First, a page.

Joe Gross
J.R. "Bob" Dobbs and the Church of the SubGenius (photo: J.R. "Bob" Dobbs and the Church of the SubGenius)

In the 1980s and ‘90s, among various American undergrounds, knowledge of the Church of the SubGenius, the teachings of J.R. “Bob” Dobbs or the doctrine of “Slack” was a pretty good way to identify like-minded dorks.

As chronicled in Sandy K. Boone’s canny doc “J.R. "Bob" Dobbs and The Church of the SubGenius,” the Church was started in about 1979 by a couple of bored, nerdy Fort Worthfellows (think comic book collecting and Frank Zappa fandom) who go by the names Ivan Stang and Philo Drummond. (This is a very, very Texas story.)

As the values of the 1960s “were being flipped on their head” during the Reagan 80s, Stang and Drummond welded together every fringe belief (and the notion of us-vs-them conspiracy itself) televangelist fanaticism, a hodge-podge of clip art and rants that almost mean something (but never quite) in a zine called the Sub Genius Pamphlet #1.

Their “prophet” was a 1950s-dad-looking piece of clip art they dubbed “J.R. "Bob" Dobbs. (Trust me, some time in the past 40 years, you have seen this image.) They sent the zine hither and yon and, like the memes of today (but slower), the satirical ideas found purchase.

A bit like the Grateful Dead codifying Deadhead culture when they asked their fans to write to the band, Stang and Drummond, in the zine, requested a dollar from the like-minded. “If Jim Jones could talk 900 people (into suicide),” Stang says. “We could talk 900 people into sending us a dollar.” Thus, a fake church (or satire of one) was born and boy, did these folks have fun.

Stang and Drummond soon found that not only were were people like themselves who got the joke but some folks out there were pursuing the same ideas. The Famous Potatoes zine used clip art in a similarly semiotic way; the “Puzzling Evidence” (which folded in Subgenius content) and “Over the Edge” radio shows took similar views toward audio collage.

Like any real faith, SubGenius was a way of looking at the world. The Conspiracy was anything you wanted it to be, from pressure to conform to the suburban middle class to "the fact that it was too hot on the bus." Slack was that which should not be stolen from us, from literal free time to thinking for one's self. SubGenius was vague but potent and often very, very funny.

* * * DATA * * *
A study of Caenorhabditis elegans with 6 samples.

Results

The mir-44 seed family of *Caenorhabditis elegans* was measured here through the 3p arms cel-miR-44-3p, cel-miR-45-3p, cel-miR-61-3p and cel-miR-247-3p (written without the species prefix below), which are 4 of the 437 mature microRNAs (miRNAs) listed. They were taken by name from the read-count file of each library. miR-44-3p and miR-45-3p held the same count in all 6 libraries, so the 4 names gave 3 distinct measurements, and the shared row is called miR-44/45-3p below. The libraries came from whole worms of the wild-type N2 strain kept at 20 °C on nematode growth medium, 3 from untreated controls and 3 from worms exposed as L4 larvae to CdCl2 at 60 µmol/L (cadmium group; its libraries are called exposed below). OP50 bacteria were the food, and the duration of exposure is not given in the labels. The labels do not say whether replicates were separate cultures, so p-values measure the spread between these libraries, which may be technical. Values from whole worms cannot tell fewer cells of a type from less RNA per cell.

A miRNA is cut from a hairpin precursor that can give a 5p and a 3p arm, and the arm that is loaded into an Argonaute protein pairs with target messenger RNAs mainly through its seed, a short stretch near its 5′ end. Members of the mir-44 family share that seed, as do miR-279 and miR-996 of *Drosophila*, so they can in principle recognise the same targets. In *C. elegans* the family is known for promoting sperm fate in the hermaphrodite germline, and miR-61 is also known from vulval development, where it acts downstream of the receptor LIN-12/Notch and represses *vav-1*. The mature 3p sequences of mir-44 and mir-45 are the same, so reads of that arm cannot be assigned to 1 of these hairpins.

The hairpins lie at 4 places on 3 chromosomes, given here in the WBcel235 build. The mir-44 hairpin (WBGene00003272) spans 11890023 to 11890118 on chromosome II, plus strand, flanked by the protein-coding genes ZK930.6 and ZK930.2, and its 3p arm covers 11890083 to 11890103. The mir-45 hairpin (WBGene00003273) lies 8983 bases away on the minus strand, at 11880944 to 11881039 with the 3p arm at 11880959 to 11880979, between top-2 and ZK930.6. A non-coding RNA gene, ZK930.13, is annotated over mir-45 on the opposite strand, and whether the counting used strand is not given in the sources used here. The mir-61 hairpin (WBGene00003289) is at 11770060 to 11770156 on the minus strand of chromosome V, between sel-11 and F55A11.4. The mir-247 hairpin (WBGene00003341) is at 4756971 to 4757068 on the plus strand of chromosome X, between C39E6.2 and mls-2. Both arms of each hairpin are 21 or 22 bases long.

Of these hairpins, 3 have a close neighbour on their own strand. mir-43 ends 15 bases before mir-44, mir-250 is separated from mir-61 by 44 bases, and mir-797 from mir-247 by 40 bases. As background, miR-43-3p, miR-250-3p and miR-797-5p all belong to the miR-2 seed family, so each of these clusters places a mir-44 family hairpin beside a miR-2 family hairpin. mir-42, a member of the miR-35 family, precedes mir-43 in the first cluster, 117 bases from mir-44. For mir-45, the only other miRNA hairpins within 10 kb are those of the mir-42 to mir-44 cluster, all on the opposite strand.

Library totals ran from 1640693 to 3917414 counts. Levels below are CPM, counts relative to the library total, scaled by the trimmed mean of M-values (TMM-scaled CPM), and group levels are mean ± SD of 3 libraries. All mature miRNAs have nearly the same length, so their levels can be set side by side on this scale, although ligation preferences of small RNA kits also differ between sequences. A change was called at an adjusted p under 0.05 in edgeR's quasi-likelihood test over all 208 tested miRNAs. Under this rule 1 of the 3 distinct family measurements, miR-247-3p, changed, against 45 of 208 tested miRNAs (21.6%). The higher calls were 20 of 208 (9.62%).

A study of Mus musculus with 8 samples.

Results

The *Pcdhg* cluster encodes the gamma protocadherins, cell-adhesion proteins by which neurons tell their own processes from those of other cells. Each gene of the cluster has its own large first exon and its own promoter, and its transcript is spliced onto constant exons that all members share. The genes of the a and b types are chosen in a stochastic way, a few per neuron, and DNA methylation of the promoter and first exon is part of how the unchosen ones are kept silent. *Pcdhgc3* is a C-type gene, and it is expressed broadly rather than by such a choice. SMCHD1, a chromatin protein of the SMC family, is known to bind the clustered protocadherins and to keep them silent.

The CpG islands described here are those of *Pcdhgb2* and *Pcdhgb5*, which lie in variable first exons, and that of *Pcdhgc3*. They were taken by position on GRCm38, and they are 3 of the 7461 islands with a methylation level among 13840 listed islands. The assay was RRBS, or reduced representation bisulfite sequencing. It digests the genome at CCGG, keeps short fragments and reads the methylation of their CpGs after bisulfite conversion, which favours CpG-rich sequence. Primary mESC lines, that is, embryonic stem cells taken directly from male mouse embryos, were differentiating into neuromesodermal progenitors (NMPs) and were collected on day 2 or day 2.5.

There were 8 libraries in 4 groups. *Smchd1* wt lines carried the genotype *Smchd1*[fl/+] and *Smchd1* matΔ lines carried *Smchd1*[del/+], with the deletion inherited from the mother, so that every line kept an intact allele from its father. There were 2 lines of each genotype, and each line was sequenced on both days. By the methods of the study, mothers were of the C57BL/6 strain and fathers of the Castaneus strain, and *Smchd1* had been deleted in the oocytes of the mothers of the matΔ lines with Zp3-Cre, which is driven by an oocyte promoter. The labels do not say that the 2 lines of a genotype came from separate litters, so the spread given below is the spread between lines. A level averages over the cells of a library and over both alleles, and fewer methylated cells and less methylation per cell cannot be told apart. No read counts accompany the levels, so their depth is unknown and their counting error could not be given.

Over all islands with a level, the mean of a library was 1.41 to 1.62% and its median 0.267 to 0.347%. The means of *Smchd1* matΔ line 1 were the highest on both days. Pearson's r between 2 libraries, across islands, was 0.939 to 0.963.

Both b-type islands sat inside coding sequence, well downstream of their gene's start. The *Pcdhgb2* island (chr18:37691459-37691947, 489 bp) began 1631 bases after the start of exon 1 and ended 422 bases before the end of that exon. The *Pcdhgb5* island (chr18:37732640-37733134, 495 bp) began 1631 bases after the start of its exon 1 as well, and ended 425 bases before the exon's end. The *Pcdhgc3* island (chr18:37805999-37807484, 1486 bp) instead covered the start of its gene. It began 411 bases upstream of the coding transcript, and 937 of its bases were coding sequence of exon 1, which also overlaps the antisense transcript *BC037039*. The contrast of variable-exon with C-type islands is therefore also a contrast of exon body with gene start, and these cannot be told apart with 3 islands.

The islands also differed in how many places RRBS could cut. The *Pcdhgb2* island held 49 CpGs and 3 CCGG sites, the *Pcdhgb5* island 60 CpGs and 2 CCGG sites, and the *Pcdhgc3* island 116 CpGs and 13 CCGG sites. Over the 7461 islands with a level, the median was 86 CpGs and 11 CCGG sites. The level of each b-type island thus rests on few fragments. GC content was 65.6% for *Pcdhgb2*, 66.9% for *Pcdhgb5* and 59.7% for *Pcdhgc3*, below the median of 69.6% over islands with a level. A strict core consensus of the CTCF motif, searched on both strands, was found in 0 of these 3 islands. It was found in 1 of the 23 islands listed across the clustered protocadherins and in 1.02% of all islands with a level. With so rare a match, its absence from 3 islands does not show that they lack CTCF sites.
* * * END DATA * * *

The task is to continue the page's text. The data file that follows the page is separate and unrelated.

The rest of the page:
Some of the whole shtick has not aged well. There’s a libertarian streak in there that serves a good reminder that, in spite of their bohemia, this was very much a movement of middle-class white dudes. And dudes they were (though, to her credit, Boone interviews plenty of women involved). "It was kinda this Loony Tunes fraternity, says "Nurse Kelly," "and you kinda had to enjoy guys to be a part of it."

Or as the late, great Austinite Margaret Moser puts it, “It was a boys club and I wanted to meet the boys.”

But Stang and co found Famous folks in other fields had a similar outlook (Penn Jillette, Paul Reubens, Alex Cox, Richard Linklater and Matt Groening are just a few). David Byrne’s wonderful movie “True Stories” contains a song called “Puzzling Evidence” that’s essentially a SubGenius tribute.

Eventually there were books ("Book of the Subgenius" and "High Weirdness by Mail" were essential text for a very certain type). Then a convention. Then live shows. Then an apocalypse date (X-Day) that came and went.

All the while, a lot of people took it WAAAY too seriously. When you set out to attract weirdos, you are going to...attract weirdos. In 1999, one such follower decided to promote the live show on the back of the Columbine shooting. Not a great look.

But then again, as the doc notes, the rise of the Internet made everything both more and less SubGenius-ish. It's now much, much easier for freaks to find each other and everything in general became much less mysterious. As SubGenius artist Paul Mavrides puts it, “As a medium, (the internet) flattens everything out. An inconsequential event is the same as the horrendous calamity or a staggering triumph of humanity.”

At the same time, people’s ability to distinguish between real and fake seems to be falling through the floor. The film ends on the somewhat grim note that, what with his ability to create his own reality and seeming conviction that facts have no meaning, our current President is, in a deeply negative way, “the most SubGenius world leader that’s ever been.” 

Which means X-Day is any minute now. Right?